He's got a long way to go to meet their accomplishments but the Mets say they're going to develop him as a player
Nothing is surprising when it comes to the life and athletic career of Tim Tebow. Despite New York Mets general manager Sandy Alderson's statement that Tebow’s signing to the organization’s instructional league was a baseball decision, and was not a driven by marketing considerations, 29-year-olds who haven’t played organized baseball in over a decade typically don’t sign minor league contracts.
Nevertheless, it’s Tebow Time once again for the former Heisman Trophy winner who now joins another New York professional sports organization, having spent the 2012 NFL season with the New York Jets. The Empire State has previously served as home for some high-profile and accomplished athletes in at least one of their two sports (or more). Let’s take a look.
Deion Sanders -- New York Yankees
The Pro Football Hall of Fame defensive back is the only athlete to do a number of things, including appearing in a Super Bowl (XXIX and XXX) and a World Series (1992). He’s also the only athlete to to hit a home run and score a touchdown in the same one-week span (with the Falcons and Yankees in 1989). Prime Time was made for the New York spotlight but ended up leaving while he was still trying to figure out how to juggle baseball and his burgeoning football career.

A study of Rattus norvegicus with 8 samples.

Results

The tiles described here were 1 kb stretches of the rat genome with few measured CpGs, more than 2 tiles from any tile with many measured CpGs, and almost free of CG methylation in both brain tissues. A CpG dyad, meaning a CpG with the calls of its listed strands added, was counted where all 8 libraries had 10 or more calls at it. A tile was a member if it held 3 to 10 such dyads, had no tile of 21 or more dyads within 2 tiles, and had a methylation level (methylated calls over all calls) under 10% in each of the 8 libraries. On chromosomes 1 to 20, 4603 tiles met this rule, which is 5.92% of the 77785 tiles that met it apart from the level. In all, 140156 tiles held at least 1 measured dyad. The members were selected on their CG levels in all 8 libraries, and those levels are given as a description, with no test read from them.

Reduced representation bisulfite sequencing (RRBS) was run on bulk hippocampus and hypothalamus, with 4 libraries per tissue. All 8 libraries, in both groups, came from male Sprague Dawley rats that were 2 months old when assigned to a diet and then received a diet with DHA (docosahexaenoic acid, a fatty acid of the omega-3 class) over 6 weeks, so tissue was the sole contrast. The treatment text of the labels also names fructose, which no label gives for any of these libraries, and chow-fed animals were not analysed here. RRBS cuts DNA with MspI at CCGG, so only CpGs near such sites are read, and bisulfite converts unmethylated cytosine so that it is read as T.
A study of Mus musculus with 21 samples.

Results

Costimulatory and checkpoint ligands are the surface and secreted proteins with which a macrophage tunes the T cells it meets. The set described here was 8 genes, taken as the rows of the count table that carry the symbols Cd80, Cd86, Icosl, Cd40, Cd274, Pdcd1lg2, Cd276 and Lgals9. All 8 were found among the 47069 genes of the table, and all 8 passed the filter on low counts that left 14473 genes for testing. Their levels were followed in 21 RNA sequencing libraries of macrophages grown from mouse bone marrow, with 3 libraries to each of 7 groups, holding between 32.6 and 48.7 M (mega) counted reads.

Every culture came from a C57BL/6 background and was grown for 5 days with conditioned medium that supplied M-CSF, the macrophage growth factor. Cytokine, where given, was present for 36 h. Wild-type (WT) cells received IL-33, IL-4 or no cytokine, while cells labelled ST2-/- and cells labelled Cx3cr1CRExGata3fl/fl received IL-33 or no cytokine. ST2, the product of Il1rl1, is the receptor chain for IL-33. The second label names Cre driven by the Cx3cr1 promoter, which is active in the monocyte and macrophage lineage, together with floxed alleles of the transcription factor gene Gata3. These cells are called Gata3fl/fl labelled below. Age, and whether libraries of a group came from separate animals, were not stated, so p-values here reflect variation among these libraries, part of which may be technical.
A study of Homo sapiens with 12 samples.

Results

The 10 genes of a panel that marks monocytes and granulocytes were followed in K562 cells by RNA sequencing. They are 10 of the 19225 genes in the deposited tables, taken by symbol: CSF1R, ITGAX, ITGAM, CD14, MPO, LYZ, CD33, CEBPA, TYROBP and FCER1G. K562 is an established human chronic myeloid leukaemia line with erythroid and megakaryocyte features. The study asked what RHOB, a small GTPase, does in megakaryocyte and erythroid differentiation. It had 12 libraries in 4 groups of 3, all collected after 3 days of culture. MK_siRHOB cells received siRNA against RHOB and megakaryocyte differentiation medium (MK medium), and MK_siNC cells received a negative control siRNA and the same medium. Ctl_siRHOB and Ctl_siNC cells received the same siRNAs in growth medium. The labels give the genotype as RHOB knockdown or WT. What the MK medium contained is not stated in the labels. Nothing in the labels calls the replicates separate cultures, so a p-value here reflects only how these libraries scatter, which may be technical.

DeBusschere, Walt Frazier, Willis Reed, Earl Monroe, Bill Bradley, Phil Jackson and rest of the Knickerbockers of the 1970s helped entrench Madison Square Garden as the “Mecca of Basketball.” Debusschere spent the latter half of his career in New York (1968-1974) after splitting his time with baseball as a pitcher for the Chicago White Sox from 1962-1963. A Hall of Famer in basketball, DeBusschere was no slouch on the mound where he compiled a 2.90 ERA over 102 innings pitched, mainly as a reliever.
That’s both the New York Football Giants and the baseball team. Regarded by many as the greatest athlete of all time, the Olympic gold medalist (decathlon and pentathlon) played in the outfield for the Giants from 1913-19. Meanwhile, his Hall of Fame football career also took him to New York in 1925.
The longtime New York Knicks point guard had a heck of a collegiate football career as quarterback for 1993 National Champion Florida State. Because of doubts that he would play football professionally, in favor of a career in the NBA, he was not drafted by an NFL team. The Knicks took Ward at 26 overall in 1994 and he went on to a respectable but not standout career mainly as a bench player.
The former Cleveland Browns running back was one of the greatest and most feared football players of all time and an All-American lacrosse player, and it all started in upstate New York at Syracuse. While he didn’t play for a professional New York sports team, it would feel wrong to not mention the multisport dynamo who also played baseball, basketball and ran track.